Swan defined Superman’s look in the 1950s, 1960s, and 1970s as an artist at DC Comics.

After 1986, Swan never drew a Superman story again. But he worked for DC Comics the rest of his life. 

Two young men from Cleveland, writer Jerry Siegel and artist Joe Shuster, created the character of Superman in the 1930s. But it was Curt Swan, a Minnesota artist, who defined Superman’s look in comic books of the 1950s, 1960s, and 1970s.

Douglas Curtis Swan was born in Minneapolis to Leontine J. (Hansen) and John P. Swan on February 17, 1920. His father worked for the Chicago, Milwaukee, St. Paul and Pacific Railroad. In the 1930s, during the Great Depression, a teenaged Curt Swan had to go to work to help support his family. He held various jobs, including that of a clerk for the Haas Letter Delivery Service and a day laborer. But even at a young age, he realized he was happiest when he could spend hours drawing.

World War II gave him that opportunity. In October 1941, at age twenty-one, Swan enlisted in the U.S. Army National Guard. When the Japanese bombed Pearl Harbor that December, Swan’s military services was extended for the duration of the war. Many young men his age ended up on the battlefields of Europe and the Pacific. But Swan used his artistic talent for the U.S. military’s newspaper, Stars and Stripes, illustrating stories and drawing cartoons.

Swan married in the last year of the war. When the war ended, he and his bride, Helene, moved to New York City. There, Swan met with former Stars and Stripes writer Eddie (“France”) Herron, who had produced comic-book scripts before the war. On Herron’s advice, Swan sent samples of his art to DC Comics, which hired him in December 1945. His first published DC Comics drawings appeared in an early 1946 issue of Boy Commandos.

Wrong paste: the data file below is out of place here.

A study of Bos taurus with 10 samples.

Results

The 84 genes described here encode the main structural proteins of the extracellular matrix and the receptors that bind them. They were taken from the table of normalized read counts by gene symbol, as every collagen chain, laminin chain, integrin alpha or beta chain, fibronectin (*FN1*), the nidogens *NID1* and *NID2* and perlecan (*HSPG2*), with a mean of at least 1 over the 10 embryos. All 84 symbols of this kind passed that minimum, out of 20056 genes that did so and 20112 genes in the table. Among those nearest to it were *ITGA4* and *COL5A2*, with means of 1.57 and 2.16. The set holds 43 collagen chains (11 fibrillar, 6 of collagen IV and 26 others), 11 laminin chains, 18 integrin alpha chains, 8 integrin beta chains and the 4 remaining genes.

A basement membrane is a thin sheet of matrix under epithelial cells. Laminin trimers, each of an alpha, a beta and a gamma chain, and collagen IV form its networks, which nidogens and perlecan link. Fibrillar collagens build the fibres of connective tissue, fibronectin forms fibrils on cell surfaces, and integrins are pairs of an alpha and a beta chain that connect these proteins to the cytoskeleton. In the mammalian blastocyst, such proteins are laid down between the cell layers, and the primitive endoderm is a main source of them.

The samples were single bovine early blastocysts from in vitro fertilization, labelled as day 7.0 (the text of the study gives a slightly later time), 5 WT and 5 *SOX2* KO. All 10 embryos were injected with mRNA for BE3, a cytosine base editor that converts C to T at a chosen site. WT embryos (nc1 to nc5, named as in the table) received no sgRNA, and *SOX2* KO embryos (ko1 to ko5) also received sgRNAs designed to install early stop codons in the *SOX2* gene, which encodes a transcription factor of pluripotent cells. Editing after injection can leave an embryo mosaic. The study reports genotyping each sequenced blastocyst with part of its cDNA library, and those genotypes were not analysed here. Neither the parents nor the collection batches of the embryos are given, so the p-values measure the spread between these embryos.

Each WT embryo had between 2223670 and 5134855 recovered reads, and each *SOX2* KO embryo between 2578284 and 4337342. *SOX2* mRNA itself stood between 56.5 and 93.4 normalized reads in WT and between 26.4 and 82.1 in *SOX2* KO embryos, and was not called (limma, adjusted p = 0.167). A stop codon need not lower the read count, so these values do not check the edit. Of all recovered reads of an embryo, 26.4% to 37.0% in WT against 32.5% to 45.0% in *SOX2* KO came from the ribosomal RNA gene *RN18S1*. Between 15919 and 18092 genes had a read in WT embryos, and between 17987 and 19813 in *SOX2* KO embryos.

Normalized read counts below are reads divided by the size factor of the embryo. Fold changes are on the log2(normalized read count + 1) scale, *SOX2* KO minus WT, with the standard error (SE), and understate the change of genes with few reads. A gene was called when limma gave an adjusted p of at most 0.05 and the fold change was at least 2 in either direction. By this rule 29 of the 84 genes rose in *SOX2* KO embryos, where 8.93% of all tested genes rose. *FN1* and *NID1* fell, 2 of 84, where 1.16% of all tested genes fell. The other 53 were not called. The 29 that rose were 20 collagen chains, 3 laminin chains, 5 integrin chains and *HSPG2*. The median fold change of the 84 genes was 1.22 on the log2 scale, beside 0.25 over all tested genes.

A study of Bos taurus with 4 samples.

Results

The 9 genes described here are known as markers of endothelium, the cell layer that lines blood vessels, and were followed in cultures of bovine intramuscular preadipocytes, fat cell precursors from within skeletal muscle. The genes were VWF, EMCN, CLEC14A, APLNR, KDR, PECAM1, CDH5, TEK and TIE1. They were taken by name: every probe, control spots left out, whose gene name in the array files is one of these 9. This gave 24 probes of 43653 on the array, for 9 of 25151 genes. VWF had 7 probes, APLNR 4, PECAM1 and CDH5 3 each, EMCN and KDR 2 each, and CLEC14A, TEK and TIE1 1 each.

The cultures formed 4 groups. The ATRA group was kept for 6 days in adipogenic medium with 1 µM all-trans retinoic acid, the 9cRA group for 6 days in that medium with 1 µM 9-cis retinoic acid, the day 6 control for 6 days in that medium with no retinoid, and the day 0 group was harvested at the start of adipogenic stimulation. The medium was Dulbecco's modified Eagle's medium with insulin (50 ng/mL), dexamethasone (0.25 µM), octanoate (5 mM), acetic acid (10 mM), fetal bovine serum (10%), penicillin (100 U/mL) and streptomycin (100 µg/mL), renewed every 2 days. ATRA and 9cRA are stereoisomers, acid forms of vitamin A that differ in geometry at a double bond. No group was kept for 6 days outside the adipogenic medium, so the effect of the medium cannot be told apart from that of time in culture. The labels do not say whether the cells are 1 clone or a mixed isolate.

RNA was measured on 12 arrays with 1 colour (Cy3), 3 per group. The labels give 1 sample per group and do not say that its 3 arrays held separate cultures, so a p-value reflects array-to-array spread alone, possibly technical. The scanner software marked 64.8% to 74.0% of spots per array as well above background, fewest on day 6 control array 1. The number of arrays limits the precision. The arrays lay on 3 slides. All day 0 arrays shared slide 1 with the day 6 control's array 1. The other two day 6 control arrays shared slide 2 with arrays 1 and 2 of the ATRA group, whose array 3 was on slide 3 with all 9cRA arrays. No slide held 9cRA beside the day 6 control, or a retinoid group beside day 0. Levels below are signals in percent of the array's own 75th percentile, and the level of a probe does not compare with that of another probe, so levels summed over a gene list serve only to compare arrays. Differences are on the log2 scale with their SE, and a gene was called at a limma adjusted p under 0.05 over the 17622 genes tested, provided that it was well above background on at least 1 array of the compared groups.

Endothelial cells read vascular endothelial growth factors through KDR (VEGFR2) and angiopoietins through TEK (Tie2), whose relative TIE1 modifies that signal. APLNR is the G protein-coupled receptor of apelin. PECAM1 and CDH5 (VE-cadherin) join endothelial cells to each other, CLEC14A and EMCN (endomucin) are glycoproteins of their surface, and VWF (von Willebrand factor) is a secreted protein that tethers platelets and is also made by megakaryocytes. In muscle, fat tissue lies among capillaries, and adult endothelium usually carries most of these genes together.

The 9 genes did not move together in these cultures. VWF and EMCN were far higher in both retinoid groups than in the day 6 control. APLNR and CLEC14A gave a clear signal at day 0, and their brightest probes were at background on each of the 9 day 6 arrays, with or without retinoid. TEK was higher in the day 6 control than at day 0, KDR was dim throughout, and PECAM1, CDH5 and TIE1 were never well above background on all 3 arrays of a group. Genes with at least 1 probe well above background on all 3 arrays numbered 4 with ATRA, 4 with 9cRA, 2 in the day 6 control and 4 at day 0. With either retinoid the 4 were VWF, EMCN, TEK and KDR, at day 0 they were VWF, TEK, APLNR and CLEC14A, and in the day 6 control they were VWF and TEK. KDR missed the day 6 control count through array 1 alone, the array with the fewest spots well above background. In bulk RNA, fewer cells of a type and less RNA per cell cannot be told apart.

He learned on the job. Swan loved to add extra detail to his characters and settings. But the fast pace of comic-book publishing forced him to speed up. He had to draw dozens of pages a month. In order to keep up, he began simplifying his style.

In the 1950s, Swan was asked to design covers for Superman comics. Occasionally he also penciled Superman stories. His big break came in 1954, when he became the artist on a new comic-book series, Jimmy Olsen. At last he was the primary penciler on a series and a Superman spinoff at that. From 1958 to 1961, he also labored on the daily Superman comic strip. Coincidentally, Swan took over the strip from another Minnesota-born artist, Wayne Boring.

By 1970, Swan was the principal artist on some of DC Comics’ biggest titles, Superman and Action Comics. For the next two decades, he determined the appearance and atmosphere of the Superman universe and its cast of characters, including the Man of Steel himself, Jimmy Olsen, Lois Lane, Lex Luthor, and Perry White.

After 1986, Swan never drew a Superman story again. But he worked for DC Comics the rest of his life. In all, he spent fifty-one years at DC Comics. He is probably the artist most often associated with Superman, and later Superman artists have referred to his art when creating their own version of the comic-book icon. Swan died on June 17, 1996, in Wilton, Connecticut.

For more information on this topic, check out the original entry on MNopedia.